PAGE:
Kansas City wide receiver Tyreek Hill spoke with reporters at Chiefs training camp Sunday, offering his first comments since avoiding a suspension from the NFL after an investigation into child abuse allegations. Hill was asked about his conversations with the league, Chiefs owner Clark Hunt and his teammates — questions that he dodged, repeatedly saying, “I can’t get into it.”

“I’m working every day to be a better father, a better person, a better citizen, a better teammate and a better son, too, to my parents,” Hill told reporters Sunday. “I am evolving every day.”

On Sunday, Hill discussed an audio recording that emerged in April and centered on a discussion he had with his fiancee, about their 3-year-old son’s broken arm and an investigation into the injury. During his media session, Hill was asked about a portion of the audio, in which his fiancee accused Hill of punching their son in the chest.


“Our son is like Iron Man,” Hill continued. “He loves Iron Man, Aquaman. He’s like, ‘Daddy, c’mon, c’mon, c’mon,’ all of the time. That’s what it is, man. Sometimes, things get thrown out of context when feelings get involved and emotions. I’m not going to get into all of that right now.”

In a May letter to NFL investigators, Hill’s lawyer, N. Trey Pettlon had stated that his client “categorically denies he has ever ‘punched’ his son in the chest or anywhere on his body.”

“The only thing Tyreek does with his son that is close to what she is describing as ‘punching’ is when they are playing,” Pettlon said in the letter. “Tyreek’s son loves to play as if he and Tyreek are marvel comic heroes. His son frequently dresses up in his Iron Man costume or his Spider-Man costume Tyreek bought him, and they will ‘play fight.’ There is nothing rough about this crime-fighting role playing. In fact, his son would be laughing uncontrollably as Tyreek would avoid his son’s ‘attack’ and tag him (not ‘punch’) in his chest or his legs.”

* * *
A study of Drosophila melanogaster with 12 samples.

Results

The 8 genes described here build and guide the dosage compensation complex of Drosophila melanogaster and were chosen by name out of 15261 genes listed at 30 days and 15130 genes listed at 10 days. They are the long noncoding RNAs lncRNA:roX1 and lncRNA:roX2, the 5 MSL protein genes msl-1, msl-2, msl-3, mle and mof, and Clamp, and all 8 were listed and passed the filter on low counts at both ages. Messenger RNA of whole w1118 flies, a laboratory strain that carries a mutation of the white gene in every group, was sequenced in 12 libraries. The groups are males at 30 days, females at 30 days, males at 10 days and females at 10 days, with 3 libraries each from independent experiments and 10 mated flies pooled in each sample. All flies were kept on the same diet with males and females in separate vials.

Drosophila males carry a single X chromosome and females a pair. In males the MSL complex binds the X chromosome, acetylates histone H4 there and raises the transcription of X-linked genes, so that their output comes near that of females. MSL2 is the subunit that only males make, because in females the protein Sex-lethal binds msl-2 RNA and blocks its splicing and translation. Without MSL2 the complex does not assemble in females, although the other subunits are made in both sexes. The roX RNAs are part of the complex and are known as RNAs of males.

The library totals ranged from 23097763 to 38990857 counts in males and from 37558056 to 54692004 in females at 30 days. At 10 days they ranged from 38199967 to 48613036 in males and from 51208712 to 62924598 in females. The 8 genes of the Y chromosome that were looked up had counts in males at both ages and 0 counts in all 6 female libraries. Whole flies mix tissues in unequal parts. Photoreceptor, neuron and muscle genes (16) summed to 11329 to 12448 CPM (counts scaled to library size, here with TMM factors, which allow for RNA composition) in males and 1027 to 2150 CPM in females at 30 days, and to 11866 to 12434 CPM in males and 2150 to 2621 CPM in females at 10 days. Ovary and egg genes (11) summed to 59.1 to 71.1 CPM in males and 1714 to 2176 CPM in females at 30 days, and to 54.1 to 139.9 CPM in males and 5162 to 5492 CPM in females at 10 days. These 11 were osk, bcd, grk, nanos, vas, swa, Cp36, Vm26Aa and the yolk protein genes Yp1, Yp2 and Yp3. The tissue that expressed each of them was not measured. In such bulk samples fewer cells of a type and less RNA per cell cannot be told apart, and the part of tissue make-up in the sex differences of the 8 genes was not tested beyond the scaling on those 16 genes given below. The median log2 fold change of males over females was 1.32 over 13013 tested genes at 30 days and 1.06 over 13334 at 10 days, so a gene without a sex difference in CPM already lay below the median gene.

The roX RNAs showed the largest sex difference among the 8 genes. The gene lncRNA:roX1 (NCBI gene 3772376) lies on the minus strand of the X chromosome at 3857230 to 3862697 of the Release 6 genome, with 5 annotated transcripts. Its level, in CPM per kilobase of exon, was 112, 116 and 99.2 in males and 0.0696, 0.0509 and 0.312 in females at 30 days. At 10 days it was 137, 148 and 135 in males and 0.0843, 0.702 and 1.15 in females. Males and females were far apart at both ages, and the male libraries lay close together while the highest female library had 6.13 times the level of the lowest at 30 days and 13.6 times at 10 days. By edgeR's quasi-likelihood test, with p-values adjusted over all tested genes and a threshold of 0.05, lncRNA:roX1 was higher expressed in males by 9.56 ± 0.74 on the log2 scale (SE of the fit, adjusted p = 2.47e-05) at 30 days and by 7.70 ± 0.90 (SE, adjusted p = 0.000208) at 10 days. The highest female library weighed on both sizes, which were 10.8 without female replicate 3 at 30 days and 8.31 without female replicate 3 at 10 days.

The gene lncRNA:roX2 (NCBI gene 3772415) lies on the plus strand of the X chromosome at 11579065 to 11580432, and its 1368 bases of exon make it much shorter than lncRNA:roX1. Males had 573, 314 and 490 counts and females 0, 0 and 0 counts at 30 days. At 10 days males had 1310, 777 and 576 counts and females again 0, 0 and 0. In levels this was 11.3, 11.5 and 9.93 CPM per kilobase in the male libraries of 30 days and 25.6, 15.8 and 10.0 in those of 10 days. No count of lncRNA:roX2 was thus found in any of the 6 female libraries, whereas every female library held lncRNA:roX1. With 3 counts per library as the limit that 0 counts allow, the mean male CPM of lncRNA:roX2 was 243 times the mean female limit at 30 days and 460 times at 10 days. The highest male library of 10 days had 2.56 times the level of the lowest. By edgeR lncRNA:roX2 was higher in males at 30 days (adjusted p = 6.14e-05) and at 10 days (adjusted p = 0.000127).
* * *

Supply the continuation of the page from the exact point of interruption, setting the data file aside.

“I don’t want anybody talking to my little sister, my daughter that I have now or my mom like that. That is very disrespectful,” he said. “My mom got onto me. She thumped me on the ear like, ‘C’mon, 'Reek, grow up out of that.’ Never again. Like I said, I am growing as a human being, as a person. Never again.”

Hill and his now-former fiancee were the focus of an investigation into injuries their son suffered earlier this year. No criminal charges were filed, but a district attorney in Kansas expressed concern for the boy’s safety.




“I want to grow. I don’t want to change, I’m trying to grow each and every day of my life,” he said.

Hill also spoke of the connection he has with other Chiefs players and the team’s staff.

“I really don’t call them my teammates or my coaches, I call them my family because that’s who they are,” he said. “They brought me in as a family. They trusted me, in this organization, and that’s what I’m so appreciative of.”



“Thank you, guys, I love you. Cheetah’s back,” Hill said at the end of his media session Sunday, referring to his nickname. “Thank you for the support, Chiefs Kingdom, I love you. Like I said, I’m growing as a person each and every day.”